Solubility factors when choosing a solvent
Solubility functions by a group of rules that determine how dissolvable a substance (solute) is in solvent and depends entirely on the physical and chemical properties of the solute and solvent. That is, solutes typically will dissolve best in solvents that have the most molecular similarities: polar solutes will dissolve better in polar solvents, and nonpolar solutes will dissolve better in nonpolar solvents.
Additionally, solutes will be more soluble if the molecules in the solute are smaller than the ones in the solvent. This is because it is more difficult for solvent molecules to surround bigger molecules.
Temperature also affects solubility in that solubility generally increases with heat except in the case of gases, which can become less soluble. Pressure is also a key factor in the solubility of a gas. Stirring or sonication are often necessary to increase the speed of dissolution, but they do not have an impact on the solubility of a substance. Because solubility is not affected by the rate of solution (how quickly a substance dissolves), rate should never be factored into decisions on the solubility of a substance.
*Pertains to substances in water at room temperature and standard pressure.
- Salts containing Group I elements (Li+, Na+, K+, Cs+, Rb+) or ammonium ions (NH4+) are soluble.
- Salts containing nitrates (NO3-), acetates (C2H3O2-), chlorates (ClO3-), and perchlorates (ClO4-) are generally soluble.
- Binary compounds of halogens (Cl-, Br-, or I-) with metals are generally soluble. Exceptions to this include halide salts of fluoride (F-), silver (Ag+), lead (Pb2+), and mercury (Hg2+). Lead halides are, however, soluble in hot water. Most silver salts are insoluble except for AgNO3 and Ag(C2H3O2).
- Most sulfate salts (SO42-) are soluble. Exceptions to this include CaSO4, BaSO4, Ag2SO4, HgSO4, and SrSO4, which are slightly soluble. PbSO4 is poorly soluble.
- Most hydroxide salts (OH-) are insoluble. Exceptions include hydroxide salts of Group I elements, transition metals, aluminum, and ammonium. Hydroxide salts of Group II elements (Ca2+, Sr2+, and Ba2+) are only slightly soluble.
- Most sulfides (S2-) of transition metals are highly insoluble, including CdS, FeS, ZnS, and Ag2S. Arsenic, antimony, bismuth, and lead sulfides are also insoluble. However, calcium (Ca2+), barium (Ba2+), strontium (Sr2+), magnesium (Mg2+), sodium (Na+), potassium (K+), and ammonium (NH4+) sulfides are soluble.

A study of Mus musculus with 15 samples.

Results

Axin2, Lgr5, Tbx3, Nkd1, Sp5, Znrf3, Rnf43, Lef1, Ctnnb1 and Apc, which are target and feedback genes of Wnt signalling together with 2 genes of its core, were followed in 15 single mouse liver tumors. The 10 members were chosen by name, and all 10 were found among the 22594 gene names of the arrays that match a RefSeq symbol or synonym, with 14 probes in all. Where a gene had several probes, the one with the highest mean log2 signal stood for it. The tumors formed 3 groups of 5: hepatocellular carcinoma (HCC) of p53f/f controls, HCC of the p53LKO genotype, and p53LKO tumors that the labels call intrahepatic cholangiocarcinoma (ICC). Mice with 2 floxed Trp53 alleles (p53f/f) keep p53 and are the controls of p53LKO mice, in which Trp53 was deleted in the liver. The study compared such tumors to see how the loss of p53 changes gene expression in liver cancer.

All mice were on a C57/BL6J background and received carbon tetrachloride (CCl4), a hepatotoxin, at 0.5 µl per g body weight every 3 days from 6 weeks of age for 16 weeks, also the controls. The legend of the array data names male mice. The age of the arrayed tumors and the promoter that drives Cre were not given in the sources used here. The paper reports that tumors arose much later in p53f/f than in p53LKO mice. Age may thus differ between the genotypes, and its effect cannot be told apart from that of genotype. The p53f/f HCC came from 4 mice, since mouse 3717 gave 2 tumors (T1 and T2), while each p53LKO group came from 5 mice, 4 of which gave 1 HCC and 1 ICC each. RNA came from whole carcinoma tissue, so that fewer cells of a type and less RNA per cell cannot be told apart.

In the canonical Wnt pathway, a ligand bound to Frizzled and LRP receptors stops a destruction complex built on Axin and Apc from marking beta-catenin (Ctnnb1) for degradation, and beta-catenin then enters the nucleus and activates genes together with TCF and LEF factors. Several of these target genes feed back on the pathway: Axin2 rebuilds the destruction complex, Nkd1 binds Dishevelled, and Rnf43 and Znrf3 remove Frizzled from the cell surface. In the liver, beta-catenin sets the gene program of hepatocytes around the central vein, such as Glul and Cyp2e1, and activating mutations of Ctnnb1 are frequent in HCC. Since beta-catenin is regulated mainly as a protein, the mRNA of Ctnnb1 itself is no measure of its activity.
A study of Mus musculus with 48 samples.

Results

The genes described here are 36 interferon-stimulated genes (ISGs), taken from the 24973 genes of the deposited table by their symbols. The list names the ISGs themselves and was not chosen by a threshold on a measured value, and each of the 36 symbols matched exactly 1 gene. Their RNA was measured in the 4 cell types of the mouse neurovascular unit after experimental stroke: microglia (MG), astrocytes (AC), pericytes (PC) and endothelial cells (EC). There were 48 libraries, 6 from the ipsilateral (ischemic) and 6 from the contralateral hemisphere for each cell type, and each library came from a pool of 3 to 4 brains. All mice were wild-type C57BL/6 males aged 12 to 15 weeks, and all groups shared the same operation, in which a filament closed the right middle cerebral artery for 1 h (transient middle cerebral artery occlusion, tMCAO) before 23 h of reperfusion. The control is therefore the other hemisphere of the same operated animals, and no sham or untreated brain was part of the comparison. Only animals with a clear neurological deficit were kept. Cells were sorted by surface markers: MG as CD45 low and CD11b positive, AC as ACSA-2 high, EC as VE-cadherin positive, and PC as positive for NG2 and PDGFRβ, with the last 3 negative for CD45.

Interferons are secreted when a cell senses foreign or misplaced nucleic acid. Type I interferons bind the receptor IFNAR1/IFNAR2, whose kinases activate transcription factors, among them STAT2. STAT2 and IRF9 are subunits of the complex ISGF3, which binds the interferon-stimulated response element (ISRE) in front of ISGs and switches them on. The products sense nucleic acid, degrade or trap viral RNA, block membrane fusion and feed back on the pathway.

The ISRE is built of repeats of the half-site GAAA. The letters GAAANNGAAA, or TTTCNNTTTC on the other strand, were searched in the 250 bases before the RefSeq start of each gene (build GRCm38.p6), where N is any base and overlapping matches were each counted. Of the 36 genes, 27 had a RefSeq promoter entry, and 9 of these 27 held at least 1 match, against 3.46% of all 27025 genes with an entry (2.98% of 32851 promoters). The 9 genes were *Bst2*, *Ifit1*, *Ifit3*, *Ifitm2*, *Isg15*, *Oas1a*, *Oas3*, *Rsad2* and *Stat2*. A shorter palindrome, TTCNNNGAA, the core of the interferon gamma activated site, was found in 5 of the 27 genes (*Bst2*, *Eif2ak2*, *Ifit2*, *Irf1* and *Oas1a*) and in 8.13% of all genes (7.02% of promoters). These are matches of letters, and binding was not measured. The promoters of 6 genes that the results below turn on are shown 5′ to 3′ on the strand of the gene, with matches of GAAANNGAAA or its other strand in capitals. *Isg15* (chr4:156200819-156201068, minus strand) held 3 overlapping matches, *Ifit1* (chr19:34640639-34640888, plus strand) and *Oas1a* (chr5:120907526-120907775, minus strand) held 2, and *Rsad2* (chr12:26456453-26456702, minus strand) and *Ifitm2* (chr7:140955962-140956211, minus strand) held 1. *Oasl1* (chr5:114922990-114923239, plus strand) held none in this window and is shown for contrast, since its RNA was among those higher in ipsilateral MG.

- Carbonates (CO32-), oxalates (C2O42-), chromates (CrO42-), phosphates (PO42-), and fluorides (F-) are frequently insoluble. Although, compounds containing Group I elements or ammonium are soluble, except for lithium phosphate, which is poorly soluble.
Using the chart below, the empirical formula of the compound can be used to determine solubility by cross referencing the cations (top row) with anions (first column).
All solvents exist on a continuum of polarity. Solvents can be classified as polar, which contain bonds between atoms with very different electronegativities (such as O-H), and nonpolar, which contain bonds between atoms with similar electronegativities (such as C-H). As explained in detail below, polar solvents are classified as protic or aprotic. Polar protic solvents can form hydrogen bonds with water to dissolve in water and are best for dissolving polar reactants such as ions. Nonpolar solvents are not capable of strong hydrogen bonds and are better used for dissolving nonpolar reactants such as hydrocarbons.
One way to measure polarity is through quantifying the dielectric constant (or relative permittivity) — the factor by which the electric field between two points of charges in the material is decreased relative to vacuum. The greater the dielectric constant, the greater the polarity. Solvents with dielectric constants less than five are considered nonpolar. A more direct way to measure polarity is by quantifying the dipole moment (or partial charges). Polar solvents have large dipole moments since they contain bonds with different electronegativities. Nonpolar solvents will lack partial charges and have little to no dipole moment. The below solvent polarity scale was derived from Reichardt’s dye to represent solvent polarity in correlation with chemical kinetics and equilibria (Sherwood, J. Bio-based solvents for organic synthesis, 2014).
Polar solvents are either protic or aprotic
Polar protic solvents solvate cations and anions effectively and participate in hydrogen bonding since they possess O-H or N-H bonds. Polar protic solvents can participate in reactions serving as a source of protons (acid), removing protons (base), or donating a lone pair of electrons as a nucleophile. They are most often used as the solvent for their conjugate bases. For example, water is used as a solvent for hydroxide ions.
Polar aprotic solvents are not capable of hydrogen bonding. They only serve as a reaction medium and do not solvate nucleophiles, which remain relatively free in solution and can become more reactive. Aprotic polar solvents favour reactions where ions are reactants, making them adequate as a general-purpose solvent for many different reactions.
Extenuating conditions for solubility
Even when using an appropriate solvent, the solubility of a substance can be affected by the solvent used for crystallization of the compound, residual solvent content, polymorphism, salt versus free form, degree of hydration, solvent temperature, and dissolved oxygen. Because compounds in solution may become unstable, even when the most careful considerations are given to select an appropriate solvent, it is best practice to make fresh solutions for your experiments or store pre-made solutions at -80°C.
Read the full article to learn more about variance in solubility and download handy solubility charts. Cayman also provides solubility data for most biochemical compounds at www.caymanchem.com to help guide you in choosing a solvent.